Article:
Day 1 – Introduction to Japan

Sue Feldman

Target Level: Grade 4, Grade 5

Subject Area: Science, Social Studies

Class Time: 50 minutes

Objectives/Learning Outcomes

  1. The students will independently read various sections in the interactive National Geographic link.
  2. The children will know the definition of archipelago.
  3. The students will become familiar with the four main islands of Japan.
  4. The children will learn which mountain range Mount Fuji is a part of.
  5. The students will learn two different ways to say hello in Japan.
  6. The children will describe the rice planting in Japan.
  7. The students will list neighboring countries to Japan.
  8. The children will read and interpret the non-fiction information on Japan and record answers to questions on their papers.

Student Assessment

As the children work through the interactive National Geographic site, they will answer specific questions. These questions are written in such a way as to encourage the children to read and analyze each of the tabbed sections of the site. Once the questions have been answered, the students will share their written answers with group members and add any additional information to their paper that they might have missed the first time. Finally, the written responses will be assessed.

PA State Standards

Subject: Environment and Ecology

Area 4.8.: Humans and the Environment

Grade/Course 4.8.4: Grade 4

Standard B.: Know that environmental conditions influence where and how people live.

  • Identify how regional natural resources influence what people use.
  • Explain the influence of climate on how and where people live.

Subject: Geography (outdated)

Area 7.1: Basic Geographic Literacy

Grade/Course 7.1.6: Grade 6

Standard B.: Describe and locate places and regions.

  • Coordinate systems (e. g., latitude and longitude, time zones)
  • Physical features
    • In Pennsylvania (e. g., Coastal Plain, Piedmont, Appalachian)
    • In the United States (e. g., Great Lakes, Rocky Mountains, Great Plains)
  • Human features
    • Countries (e. g., United Kingdom, Argentina, Egypt)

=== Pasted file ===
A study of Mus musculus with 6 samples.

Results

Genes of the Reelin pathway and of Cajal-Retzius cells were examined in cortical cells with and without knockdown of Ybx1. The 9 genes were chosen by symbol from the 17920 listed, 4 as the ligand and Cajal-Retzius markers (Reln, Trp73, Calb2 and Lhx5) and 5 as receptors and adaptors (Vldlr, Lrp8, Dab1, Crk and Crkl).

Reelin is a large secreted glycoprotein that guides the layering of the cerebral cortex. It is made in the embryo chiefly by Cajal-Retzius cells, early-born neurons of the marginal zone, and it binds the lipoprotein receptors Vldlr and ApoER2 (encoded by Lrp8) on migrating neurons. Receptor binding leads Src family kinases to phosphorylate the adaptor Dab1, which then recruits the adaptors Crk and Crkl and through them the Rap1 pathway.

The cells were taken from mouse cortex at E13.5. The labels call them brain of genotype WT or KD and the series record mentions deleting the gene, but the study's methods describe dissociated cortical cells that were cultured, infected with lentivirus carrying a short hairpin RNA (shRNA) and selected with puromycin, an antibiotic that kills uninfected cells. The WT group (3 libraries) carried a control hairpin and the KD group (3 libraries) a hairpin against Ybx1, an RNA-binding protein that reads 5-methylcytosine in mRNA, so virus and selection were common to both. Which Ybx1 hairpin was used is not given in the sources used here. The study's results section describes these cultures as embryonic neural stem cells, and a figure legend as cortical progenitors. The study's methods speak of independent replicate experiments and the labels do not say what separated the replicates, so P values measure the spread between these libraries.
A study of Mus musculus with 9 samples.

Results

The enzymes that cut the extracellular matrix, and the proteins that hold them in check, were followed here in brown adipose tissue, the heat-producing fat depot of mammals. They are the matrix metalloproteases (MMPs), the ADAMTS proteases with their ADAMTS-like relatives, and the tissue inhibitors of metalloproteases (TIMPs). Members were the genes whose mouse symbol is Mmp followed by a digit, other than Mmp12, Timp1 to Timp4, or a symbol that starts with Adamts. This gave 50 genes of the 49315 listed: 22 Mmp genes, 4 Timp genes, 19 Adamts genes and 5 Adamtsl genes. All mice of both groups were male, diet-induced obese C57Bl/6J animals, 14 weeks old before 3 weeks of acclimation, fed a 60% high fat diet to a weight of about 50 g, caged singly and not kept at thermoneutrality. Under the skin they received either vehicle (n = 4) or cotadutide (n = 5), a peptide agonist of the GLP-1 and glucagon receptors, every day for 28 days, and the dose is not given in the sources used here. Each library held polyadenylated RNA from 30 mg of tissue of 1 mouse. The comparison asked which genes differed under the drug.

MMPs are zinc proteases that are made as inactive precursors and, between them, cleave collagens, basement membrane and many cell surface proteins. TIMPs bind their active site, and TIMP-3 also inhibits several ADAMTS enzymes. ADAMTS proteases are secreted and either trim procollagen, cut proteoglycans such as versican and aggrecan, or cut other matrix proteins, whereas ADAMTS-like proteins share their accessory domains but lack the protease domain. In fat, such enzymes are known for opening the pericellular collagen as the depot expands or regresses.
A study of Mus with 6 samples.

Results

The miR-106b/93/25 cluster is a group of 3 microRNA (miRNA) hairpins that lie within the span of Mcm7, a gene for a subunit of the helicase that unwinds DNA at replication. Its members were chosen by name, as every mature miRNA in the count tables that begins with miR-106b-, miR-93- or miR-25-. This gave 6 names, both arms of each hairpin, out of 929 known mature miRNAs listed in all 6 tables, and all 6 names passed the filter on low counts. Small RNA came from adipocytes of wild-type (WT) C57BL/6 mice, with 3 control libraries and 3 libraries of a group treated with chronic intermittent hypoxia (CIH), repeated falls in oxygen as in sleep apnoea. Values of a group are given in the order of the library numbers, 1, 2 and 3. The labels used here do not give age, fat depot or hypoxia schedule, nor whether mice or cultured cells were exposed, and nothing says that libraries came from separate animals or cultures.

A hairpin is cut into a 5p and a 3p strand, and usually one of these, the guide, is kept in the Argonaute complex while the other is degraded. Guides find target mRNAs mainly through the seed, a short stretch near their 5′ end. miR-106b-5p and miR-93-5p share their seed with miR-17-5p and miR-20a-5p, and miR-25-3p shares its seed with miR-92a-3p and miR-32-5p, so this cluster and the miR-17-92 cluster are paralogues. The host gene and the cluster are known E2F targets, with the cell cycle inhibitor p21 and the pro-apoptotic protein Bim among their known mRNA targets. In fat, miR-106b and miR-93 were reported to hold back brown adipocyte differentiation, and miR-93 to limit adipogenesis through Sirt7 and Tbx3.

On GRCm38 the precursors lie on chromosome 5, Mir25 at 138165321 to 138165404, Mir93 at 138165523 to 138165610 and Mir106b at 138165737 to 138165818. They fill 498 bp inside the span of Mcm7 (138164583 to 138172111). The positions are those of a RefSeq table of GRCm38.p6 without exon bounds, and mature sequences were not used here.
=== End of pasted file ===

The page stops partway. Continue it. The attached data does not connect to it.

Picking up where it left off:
• States (e. g., California, Massachusetts, Florida)
    • Provinces (e. g., Ontario, Quebec, Nova Scotia)
    • Major human regions (e. g., Mid Atlantic, New England, Southwest)
    • Counties (e. g., Lancaster, Lackawanna, Jefferson)
    • Townships (e. g., Dickinson, Lower Mifflin, Southampton)
    • Major cities (e. g., London, Los Angeles, Tokyo)
  • Ways in which different people look at places and regions (e. g., as places to visit or to avoid)
  • Community connections to other places
  • Dependence and interdependence
  • Access and movement

Area 7.2: The Physical Characteristics of Places and Regions

Grade/Course 7.2.6: Grade 6

Standard A.: Describe the physical characteristics of places and regions.

  • Components of Earth’s physical systems (e. g., clouds, storms, relief and elevation [topography], tides, biomes, tectonic plates)
  • Comparison of the physical characteristics of different places and regions (e. g., soil, vegetation, climate, topography)
  • Climate types (e.g.,marine west coast, humid continental,tropical wet and dry)

Materials and Use of Technology

Materials and resources

Technology resources

  • Firefox
  • The number of computers required is 1 per student.



Sequence of Instruction Including Hook and Closure

Hook – Today we’re going to take a look at “The Land of the Rising Sun.” Can you guess where that might be? Who has a prediction as to why it might be called the land of the rising sun? Show the Japanese flag.

Discuss the reason for the name of this country. Nihon (Japan) literally means, the sun’s origin.

  1. Once you get your laptop, I’d like you to go to the following website: National Geographic Site
  2. You will notice the center of this page, has a great deal of information on Japan. There are tabs at the top which read: facts and photos, video, map, E-card, and Print this feature. You will be using the first three tabs (not the E-card or the Print this feature.)
  3. Discuss the orange arrows on the text page and photos page. Explain that these arrows help you move forward and backwards.
  4. Pass out the Japan worksheet.
  5. Follow the directions on this worksheet carefully and move from the first question onto the second question. Read the information on the website carefully to learn about Japan and to find out information about the people who live there.
  6. When answering the questions on the worksheet, please use complete sentences when possible.
  7. Once you finish, there will be time to share what you learned with your desk set.
  8. Allow approximately 20-30 minutes for students to complete the activity.
  9. Once most students finish, have groups share information they found interesting and things they are still questioning.